Look: “Yet Saul grew more and more powerful and baffled the Jews living in Damascus by proving that Jesus is the Messiah.” (Acts 9:22, NIV)
Saul, once the persecutor of the Church, encountered the risen and ascended Jesus on the road to Damascus. He was heading to that city with papers from the temple authorities in Jerusalem authorizing him to move toward the excommunication of any his fellow Jews who confessed faith in Jesus as the Messiah/Christ. But rendered blind and helpless by his meeting with Jesus, Saul came to be a believer in Christ. Under the nurturing hand of Ananias and other church leaders in Damascus, Saul began receiving what amounted to catechetical training and, in no time, was preaching of the Gospel of new life through faith in Jesus Christ.[Blogger Mark Daniels is pastor of Living Water Lutheran Church in Centerville, Ohio.]
He meets with skepticism at the synagogue. “Isn’t he the man who raised havoc in Jerusalem among those who call on this name? And hasn’t he come here to take them as prisoners to the chief priests?” people ask (Acts 9:21). This reminds me of the skepticism Jesus was met with at His hometown synagogue in Nazareth in Luke 4:22: “Isn’t this the carpenter’s son?” Skeptics always want to cut the things of God--whether it’s God enfleshed like Jesus or Saul, a former enemy of Christ who proclaims Christ, like Saul. People do this in order to elude the lordship of Jesus.
But in verse 22, we’re told that in the face of skepticism, “Saul grew more and more powerful.” This rendering is OK, but it hardly does justice to how Luke, in the Greek in which he wrote Acts, expresses things. A more literal rendering is: “Saul however, was all the more empowered.” Σαῦλος δὲ μᾶλλον ἐνεδυναμοῦτο. That last word, transliterated into English as enedunamouto, carries the meaning of was empowered. The danger of the NIV translation is that it makes it seem that as Paul spoke, he gained greater confidence in himself and became more powerful.
But that’s not what that verb implies at all! What Luke is saying is that Saul was being filled with power from an outside source. Saul had nothing to do with the power that was enabling him to prove that Jesus is the Messiah. That was and to this day, is the work of the Holy Spirit in believers willing to share Christ and His Gospel with others.
We see how the power of a Christian’s witness grows as they make themselves available to share Christ in two separate incidents recounted in the Gospel of John.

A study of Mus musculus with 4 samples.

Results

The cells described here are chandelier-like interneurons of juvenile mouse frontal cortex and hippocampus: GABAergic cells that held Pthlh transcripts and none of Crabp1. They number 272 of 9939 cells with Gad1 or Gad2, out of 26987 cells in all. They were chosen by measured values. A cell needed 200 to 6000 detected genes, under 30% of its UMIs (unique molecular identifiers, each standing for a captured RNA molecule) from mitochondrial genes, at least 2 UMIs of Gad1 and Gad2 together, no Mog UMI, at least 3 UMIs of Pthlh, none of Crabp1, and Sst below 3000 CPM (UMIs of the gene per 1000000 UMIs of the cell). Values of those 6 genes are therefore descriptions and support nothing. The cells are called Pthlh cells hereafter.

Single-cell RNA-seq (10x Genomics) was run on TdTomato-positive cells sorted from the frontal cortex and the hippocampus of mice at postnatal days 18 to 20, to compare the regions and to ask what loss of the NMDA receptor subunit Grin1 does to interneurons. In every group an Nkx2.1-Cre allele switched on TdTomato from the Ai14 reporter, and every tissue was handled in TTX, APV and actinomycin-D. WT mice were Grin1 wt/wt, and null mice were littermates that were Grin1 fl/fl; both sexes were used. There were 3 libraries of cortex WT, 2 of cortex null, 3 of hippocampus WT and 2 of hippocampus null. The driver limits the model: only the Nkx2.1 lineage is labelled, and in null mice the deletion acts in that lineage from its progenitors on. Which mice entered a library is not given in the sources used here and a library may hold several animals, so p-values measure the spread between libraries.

In John 4, Jesus encounters a Samaritan woman by a well outside the village of Sychar. After Jesus tells her everything about herself, she runs into the village and speaks to people she had earlier been avoiding. She starts simply by inviting these people who had been gossiping and ignoring her to come and see a man who told her everything about herself. She ends by broaching the possibility that Jesus may be Messiah.
In John 9, Jesus heals a man born blind. The religious authorities are in an uproar and ask the now-healed man to tell them what happened. As the veracity of his story is challenged and as his own fearful parents leave him to fend for himself, the blind man becomes increasingly bold in proclaiming Who the Man Who healed him must be.
In each instance, the two who dared to say a good word about Jesus in the face of skepticism and opposition, even threats in the case of the once-blind man, grew bolder in their proclamation. They became more powerful.
I think more is going on here than the growing certainty that comes to us when we repeatedly rehearse something. That verb, enedunamouto, tells me that the more we lean on the truth of God’s Word about Christ, the more we share it, the more the Holy Spirit empowers us to share that Gospel word.
In Acts 1, the risen Jesus, just before He ascends to heaven, tells the apostles to wait in Jerusalem for the promised Holy Spirit to to come to them before sharing the Gospel. They do, the Spirit descends at Pentecost, and they proclaim the Gospel. And the more they proclaim it, the more power--power to convince others, power to sustain the proclaimer, power to confound skeptics (Acts 9:23)--comes to those who proclaim or share the Gospel.
Listen: Here, Lord, I feel that You’re telling me not to give up on proclaiming the Gospel. I need to proclaim the Gospel, not myself. I need to do so boldly and lovingly and not give up on doing so. I need to encourage the Church to do the same thing. As we do, You will give our witness more power: more power to convict and convince (John 16:7-11), more clarity, more ability to confound those who are skeptical, critical, or even enemies of Your Gospel.
Respond: Today, I make myself available to share Your Gospel with others. Help me to do it with boldness and humility (Acts 4:29). In Jesus’ name.